How to Find an Attorney to Draft or Update Your Estate Plan


  1. Ask family, friends and business associates for a referral
    The biggest compliment that an estate planning attorney can receive is a referral from a happy client. Speak with your family members, friends and acquaintances, or people you meet through your business, and ask if they can recommend an estate planning attorney. Even if the lawyer isn't located in your immediate area, it's possible with modern technology for you to work long-distance and still get the same results as the person who referred you.

  2. Ask your financial advisor for a referral
    Your financial advisor should be a great source of information for you, including finding a qualified estate planning attorney in your area. Many advisors view estate planning as an essential part of their clients' overall financial goals, and so these advisors have one or more estate lawyers that they'll refer their clients to depending on each client's individual needs. If your advisor hasn't approached the subject of estate planning with you, be sure to bring it up with your advisor. Also, go ahead and ask your advisor who did his or her own personal estate plan - the answer may be just who you're looking for.

  3. Ask your accountant for a referral
    Many estate lawyers turn to accountants for help with estate, trust and income tax issues. Thus, chances are your accountant can recommend one or more estate planning attorneys in your area to put together your estate plan. Likewise, many accountants seek out estate planning lawyers for their clients since accountants have direct access to their clients' financial information and family situations which warrant the need for an estate plan. And go ahead and ask your accountant who did his or her own personal estate plan - the answer may be just who you're looking for.

  4. Ask other attorneys you've worked with on other legal matters for a referral
    Chances are a lawyer you've worked with in setting up your business, buying your home, or reviewing a contract will know one or more qualified estate planning attorneys in your area. And lawyers are always quite happy to refer their clients to other lawyers who don't practice in their area of expertise because this will promote referrals back the other way. Aside from this, go ahead and ask your lawyer who did his or her own personal estate plan since many non-estate lawyers won't even attempt to create their own estate plan (the saying, "A lawyer who represents himself has a fool for a client" certainly holds true in estate planning). I have quite a few non-estate lawyers as clients, so chances are your lawyer will have an estate plan that was drafted by another local lawyer who specializes in estate planning.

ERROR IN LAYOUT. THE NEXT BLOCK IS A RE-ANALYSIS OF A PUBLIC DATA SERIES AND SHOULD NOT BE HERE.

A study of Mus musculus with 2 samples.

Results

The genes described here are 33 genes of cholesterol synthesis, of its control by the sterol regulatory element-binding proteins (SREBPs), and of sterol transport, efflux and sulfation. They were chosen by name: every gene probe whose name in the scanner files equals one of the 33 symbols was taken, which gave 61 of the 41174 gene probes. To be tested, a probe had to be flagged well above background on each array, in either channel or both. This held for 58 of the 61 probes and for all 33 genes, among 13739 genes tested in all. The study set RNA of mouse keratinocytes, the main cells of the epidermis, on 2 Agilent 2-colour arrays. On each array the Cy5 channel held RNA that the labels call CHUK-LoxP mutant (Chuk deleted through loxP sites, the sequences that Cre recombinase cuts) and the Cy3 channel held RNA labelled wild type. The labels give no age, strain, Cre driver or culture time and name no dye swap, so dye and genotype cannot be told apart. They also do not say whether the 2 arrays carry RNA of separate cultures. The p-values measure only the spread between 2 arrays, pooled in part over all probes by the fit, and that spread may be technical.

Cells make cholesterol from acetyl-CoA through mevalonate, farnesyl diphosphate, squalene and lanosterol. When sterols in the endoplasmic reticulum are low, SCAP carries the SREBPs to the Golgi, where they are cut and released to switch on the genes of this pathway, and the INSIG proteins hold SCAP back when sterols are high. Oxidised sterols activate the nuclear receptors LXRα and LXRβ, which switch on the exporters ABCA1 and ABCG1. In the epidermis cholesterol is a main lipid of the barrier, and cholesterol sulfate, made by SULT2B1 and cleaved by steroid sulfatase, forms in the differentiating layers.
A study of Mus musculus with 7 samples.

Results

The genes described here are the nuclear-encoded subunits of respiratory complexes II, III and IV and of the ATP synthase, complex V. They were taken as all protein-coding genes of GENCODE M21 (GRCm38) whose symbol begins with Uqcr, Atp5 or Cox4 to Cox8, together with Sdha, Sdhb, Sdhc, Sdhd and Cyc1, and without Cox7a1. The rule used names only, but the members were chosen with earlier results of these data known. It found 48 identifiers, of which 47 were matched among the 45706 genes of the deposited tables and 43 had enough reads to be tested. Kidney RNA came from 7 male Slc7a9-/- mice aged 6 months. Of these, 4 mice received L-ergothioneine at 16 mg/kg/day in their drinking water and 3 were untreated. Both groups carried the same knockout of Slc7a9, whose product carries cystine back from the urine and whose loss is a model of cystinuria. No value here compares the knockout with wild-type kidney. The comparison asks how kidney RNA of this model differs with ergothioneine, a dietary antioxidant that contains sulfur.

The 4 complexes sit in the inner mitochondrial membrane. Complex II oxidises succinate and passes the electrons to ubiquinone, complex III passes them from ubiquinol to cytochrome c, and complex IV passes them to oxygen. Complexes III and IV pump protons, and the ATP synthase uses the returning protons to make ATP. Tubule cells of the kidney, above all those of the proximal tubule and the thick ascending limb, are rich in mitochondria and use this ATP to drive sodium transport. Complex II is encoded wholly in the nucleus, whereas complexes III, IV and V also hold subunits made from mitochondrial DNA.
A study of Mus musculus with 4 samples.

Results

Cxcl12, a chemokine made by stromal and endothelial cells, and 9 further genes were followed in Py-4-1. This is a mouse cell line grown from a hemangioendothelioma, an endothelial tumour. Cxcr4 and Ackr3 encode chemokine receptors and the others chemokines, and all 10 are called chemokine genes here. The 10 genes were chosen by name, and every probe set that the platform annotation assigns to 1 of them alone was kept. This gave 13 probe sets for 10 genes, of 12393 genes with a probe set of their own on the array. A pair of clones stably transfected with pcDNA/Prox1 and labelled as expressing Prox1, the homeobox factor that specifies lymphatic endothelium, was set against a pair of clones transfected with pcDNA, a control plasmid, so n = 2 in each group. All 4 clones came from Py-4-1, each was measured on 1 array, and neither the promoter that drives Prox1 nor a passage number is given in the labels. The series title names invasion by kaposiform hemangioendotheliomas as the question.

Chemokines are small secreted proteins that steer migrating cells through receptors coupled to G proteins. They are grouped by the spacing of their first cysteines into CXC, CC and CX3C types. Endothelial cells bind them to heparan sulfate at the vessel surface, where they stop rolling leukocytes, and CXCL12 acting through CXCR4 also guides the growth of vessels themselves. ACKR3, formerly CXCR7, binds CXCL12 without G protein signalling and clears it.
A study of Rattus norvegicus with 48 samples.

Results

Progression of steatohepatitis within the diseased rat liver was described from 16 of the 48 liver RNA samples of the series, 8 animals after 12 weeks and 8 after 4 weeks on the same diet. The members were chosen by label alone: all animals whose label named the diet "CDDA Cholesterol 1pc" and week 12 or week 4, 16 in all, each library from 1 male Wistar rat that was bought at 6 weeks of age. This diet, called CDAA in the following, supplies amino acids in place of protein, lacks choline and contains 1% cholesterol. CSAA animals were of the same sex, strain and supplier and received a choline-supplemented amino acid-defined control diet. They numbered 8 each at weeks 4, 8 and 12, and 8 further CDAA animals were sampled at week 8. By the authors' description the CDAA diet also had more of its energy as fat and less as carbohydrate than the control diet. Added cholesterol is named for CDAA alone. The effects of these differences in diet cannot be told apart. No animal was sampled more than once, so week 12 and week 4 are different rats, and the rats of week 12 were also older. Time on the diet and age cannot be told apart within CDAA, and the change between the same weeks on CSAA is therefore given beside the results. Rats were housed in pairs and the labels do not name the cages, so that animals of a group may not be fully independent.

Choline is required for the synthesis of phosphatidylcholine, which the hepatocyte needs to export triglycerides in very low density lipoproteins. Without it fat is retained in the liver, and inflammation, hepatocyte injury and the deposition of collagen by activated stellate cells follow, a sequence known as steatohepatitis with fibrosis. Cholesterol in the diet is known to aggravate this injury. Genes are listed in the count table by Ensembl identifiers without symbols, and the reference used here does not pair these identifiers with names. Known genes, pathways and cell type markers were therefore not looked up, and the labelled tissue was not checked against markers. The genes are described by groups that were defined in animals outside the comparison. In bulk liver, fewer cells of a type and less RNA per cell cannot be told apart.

5. Contact your state or local bar association for a referral
    Each state has a bar association and lawyers located in a certain city or county may also have their own bar associations. Many of these associations maintain a list of their members and their practice areas, and some even offer certified referral services to the public. Check your local telephone directory or online for a referral service in your area.

  6. Check advertisements in your local telephone directory or newspaper, or on the internet, radio or television for a referral
    Many lawyers, including estate lawyers, advertise through various means, including in print, on the radio or on TV. All states regulate attorney advertising, so only ads that pass the strict scrutiny of the state bar association are allowed. This insures that the attorney isn't making false claims or promising unattainable results.

  7. Contact your local probate court for a referral
    This may not work for you - particularly if you live in a large city - but in smaller communities the court clerks know all of the local attorneys and which ones are easy to work with and which ones the judges like. Since I practice in a small town and have a good working relationship with the court clerks and judges, I've received several referrals this way and consider it one of the highest compliments.

This list is really only a starting point and doesn't even attempt to address the vast amount of information you can find about professionals, including estate lawyers, on the internet. Sometimes, however, too much information is just that, and so you need to stick with some basic methods. These seven should help.